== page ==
I found Jen on Twitter and I find her voice to e consistent and solid. I am sure that if I do actually move into youth ministry she will have a lot of wisdom for me.
November has traditionally been a dangerous month for me.
It’s when people start blogging about their ideas for advent. In a single day, you can see dozens of ideas for advent devotionals and practices designed to help you anticipate Jesus’ birth. You’ll notice picture after picture of people adorning their houses with strings hung with artsy advent calendars. You’ll hear dozens of ideas for celebrating advent with kids.
And they’re all great.
So great, in fact, that I’ve traditionally wanted to do them ALL.
Every year, I’ve ordered the latest greatest advent devotional and started reading it with gusto. But then, life has gotten busy and by day two, I’ve been hopelessly unable to scrape together the 5-minutes needed to read that day’s devotion. So I’ve thrown it on a stack with all the other previously discarded advent devotionals and thought, “Some year”. I’ve allowed my good intentions to be swallowed by guilt – especially as I’ve watched my fellow bloggers and friends continue on their merry way with their advent traditions.
This November, I vowed, “Not again.”
As a new mom who also happens to be a Youth Pastor, my life is crazy enough at Christmas – without the help of the guilt that’s traditionally come from failing to practice advent the way I’d like to. So as soon as those helpful posts about what other people were doing for advent started showing up in my blog reader, I started hitting “Delete”.
Oh I know none of these practices and traditions are bad.
But trying to do them ALL is.
So I’ve stopped.
This year I’ve finally accepted the fact that I’ll probably never be the kind of mom who ties a string across her fireplace mantle and hangs a cutesy advent calendar from it.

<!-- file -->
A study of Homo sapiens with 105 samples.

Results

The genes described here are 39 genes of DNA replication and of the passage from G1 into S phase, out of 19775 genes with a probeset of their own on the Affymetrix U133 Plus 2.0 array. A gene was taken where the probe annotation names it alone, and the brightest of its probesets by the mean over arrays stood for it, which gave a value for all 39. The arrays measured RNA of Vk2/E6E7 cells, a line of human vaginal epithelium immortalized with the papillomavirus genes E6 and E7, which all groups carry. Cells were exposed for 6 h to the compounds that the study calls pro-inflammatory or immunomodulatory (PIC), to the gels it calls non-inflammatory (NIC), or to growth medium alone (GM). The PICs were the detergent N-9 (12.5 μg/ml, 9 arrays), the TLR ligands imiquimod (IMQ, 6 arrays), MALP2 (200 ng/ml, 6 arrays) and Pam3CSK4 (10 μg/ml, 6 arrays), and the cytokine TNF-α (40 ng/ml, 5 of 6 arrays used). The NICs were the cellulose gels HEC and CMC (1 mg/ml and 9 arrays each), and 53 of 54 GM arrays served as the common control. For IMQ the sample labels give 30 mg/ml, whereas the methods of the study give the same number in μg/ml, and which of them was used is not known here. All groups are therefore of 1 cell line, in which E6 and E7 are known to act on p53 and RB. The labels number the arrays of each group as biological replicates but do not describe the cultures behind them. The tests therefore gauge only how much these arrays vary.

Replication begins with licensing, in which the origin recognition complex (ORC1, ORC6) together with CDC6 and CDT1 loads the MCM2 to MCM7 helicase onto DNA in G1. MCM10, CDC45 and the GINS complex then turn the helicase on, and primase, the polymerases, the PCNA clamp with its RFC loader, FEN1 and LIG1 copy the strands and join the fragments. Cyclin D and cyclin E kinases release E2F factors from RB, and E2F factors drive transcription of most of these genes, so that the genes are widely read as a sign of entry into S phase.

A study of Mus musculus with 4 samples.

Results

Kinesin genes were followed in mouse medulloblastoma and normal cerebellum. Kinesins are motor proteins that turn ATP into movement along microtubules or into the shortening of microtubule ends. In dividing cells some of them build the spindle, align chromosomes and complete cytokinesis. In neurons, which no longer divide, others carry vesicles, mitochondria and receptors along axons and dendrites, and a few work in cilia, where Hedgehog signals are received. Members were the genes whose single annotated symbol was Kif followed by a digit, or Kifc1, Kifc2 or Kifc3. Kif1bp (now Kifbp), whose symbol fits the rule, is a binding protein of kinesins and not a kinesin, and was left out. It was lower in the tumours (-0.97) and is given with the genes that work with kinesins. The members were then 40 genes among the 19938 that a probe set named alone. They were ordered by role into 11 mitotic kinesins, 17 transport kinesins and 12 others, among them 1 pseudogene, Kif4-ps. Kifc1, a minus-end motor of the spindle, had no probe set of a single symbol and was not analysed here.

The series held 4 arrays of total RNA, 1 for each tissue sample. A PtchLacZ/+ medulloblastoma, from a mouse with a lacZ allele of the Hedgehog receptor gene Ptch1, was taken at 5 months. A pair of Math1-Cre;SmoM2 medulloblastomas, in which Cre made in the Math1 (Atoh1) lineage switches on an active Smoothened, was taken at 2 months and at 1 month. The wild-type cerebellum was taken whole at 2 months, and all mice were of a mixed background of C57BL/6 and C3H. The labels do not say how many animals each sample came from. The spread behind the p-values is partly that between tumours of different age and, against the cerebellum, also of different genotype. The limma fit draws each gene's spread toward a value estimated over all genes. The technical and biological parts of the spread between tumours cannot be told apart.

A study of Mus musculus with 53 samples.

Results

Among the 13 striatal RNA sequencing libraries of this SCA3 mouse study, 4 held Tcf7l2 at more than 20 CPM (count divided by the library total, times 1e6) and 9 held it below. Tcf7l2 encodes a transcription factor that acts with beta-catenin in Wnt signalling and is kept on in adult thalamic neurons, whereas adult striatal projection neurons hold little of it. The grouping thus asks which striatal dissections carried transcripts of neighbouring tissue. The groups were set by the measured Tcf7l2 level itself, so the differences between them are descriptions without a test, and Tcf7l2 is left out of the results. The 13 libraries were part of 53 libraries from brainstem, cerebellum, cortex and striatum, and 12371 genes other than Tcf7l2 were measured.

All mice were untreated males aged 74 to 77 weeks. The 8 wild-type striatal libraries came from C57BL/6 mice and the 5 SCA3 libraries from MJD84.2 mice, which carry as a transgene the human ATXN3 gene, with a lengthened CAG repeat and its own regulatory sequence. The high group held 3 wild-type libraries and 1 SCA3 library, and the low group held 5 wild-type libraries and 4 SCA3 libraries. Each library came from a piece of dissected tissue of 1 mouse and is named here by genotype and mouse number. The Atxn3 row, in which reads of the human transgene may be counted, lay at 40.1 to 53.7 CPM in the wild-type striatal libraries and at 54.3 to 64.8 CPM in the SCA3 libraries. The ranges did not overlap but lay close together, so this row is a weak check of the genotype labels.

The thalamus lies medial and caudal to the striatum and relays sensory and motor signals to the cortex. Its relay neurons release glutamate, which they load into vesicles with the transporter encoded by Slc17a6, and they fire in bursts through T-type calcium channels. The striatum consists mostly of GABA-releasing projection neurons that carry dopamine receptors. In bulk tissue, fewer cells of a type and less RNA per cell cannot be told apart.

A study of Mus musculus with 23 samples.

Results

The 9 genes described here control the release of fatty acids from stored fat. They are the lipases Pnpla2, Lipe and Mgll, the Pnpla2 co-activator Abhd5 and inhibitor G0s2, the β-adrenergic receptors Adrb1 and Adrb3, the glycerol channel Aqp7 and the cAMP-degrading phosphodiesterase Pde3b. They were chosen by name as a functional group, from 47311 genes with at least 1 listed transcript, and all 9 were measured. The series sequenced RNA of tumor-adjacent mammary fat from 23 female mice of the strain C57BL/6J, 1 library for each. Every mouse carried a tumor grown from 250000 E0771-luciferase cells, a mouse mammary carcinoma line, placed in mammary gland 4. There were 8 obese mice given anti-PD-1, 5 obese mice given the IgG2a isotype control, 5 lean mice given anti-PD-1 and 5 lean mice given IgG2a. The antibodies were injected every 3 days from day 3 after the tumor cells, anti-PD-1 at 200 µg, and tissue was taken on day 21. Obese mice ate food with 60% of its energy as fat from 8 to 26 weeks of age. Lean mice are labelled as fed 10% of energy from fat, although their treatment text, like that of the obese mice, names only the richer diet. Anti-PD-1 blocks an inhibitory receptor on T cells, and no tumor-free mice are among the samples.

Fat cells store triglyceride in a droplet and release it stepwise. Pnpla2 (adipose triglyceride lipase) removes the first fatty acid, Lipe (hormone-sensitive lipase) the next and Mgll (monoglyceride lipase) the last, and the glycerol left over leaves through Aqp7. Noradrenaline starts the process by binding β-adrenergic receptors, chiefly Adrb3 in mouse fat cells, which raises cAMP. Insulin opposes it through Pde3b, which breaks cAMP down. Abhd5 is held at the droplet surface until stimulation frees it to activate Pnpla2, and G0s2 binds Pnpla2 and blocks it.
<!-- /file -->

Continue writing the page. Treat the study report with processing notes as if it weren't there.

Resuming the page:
I’ll probably never be the kind of wife who agonizes over setting the Christmas table just right.
I’ll probably never be the Youth Pastor who goes to every single Christmas concert and party she’s invited to.
Instead, I’ll be the kind of mom who says yes to building an advent practice that works for her family. To that end, this year, our little family of three is slowing down each night, cranking up the fire, turning on the Christmas tree lights, and reading one Christmasy book a night – some of which are religious and some of which aren’t.
I’ll be the kind of wife who says yes to a day spent with her family – even if it means some of what’s on her work and Christmas to-do lists go undone.
I’ll be the kind of Youth Pastor who unapologetically models the value of slowing down and saying NO to the hundredth commitment in a day to her teens and their families.
And I’ll be the kind of person who says “Enough with the craziness! I’m not just going to enjoy Christmas day; I’m going to enjoy the entire advent and Christmas seasons.”
To do that, I’m giving myself permission to do what works for my family and I in this particular season of our lives.
I pray you’ll give yourself permission to do the same.
Jen Bradbury serves as the director of youth ministry at Faith Lutheran Church in Glen Ellyn, Illinois. Jen is the author of The Jesus Gap: What Teens Actually Believe about Jesus and the forthcoming The Real Jesus: A Devotional for Teens. Her writing has also appeared in YouthWorker Journal, Immerse, and The Christian Century. She blogs regularly at ymjen.com.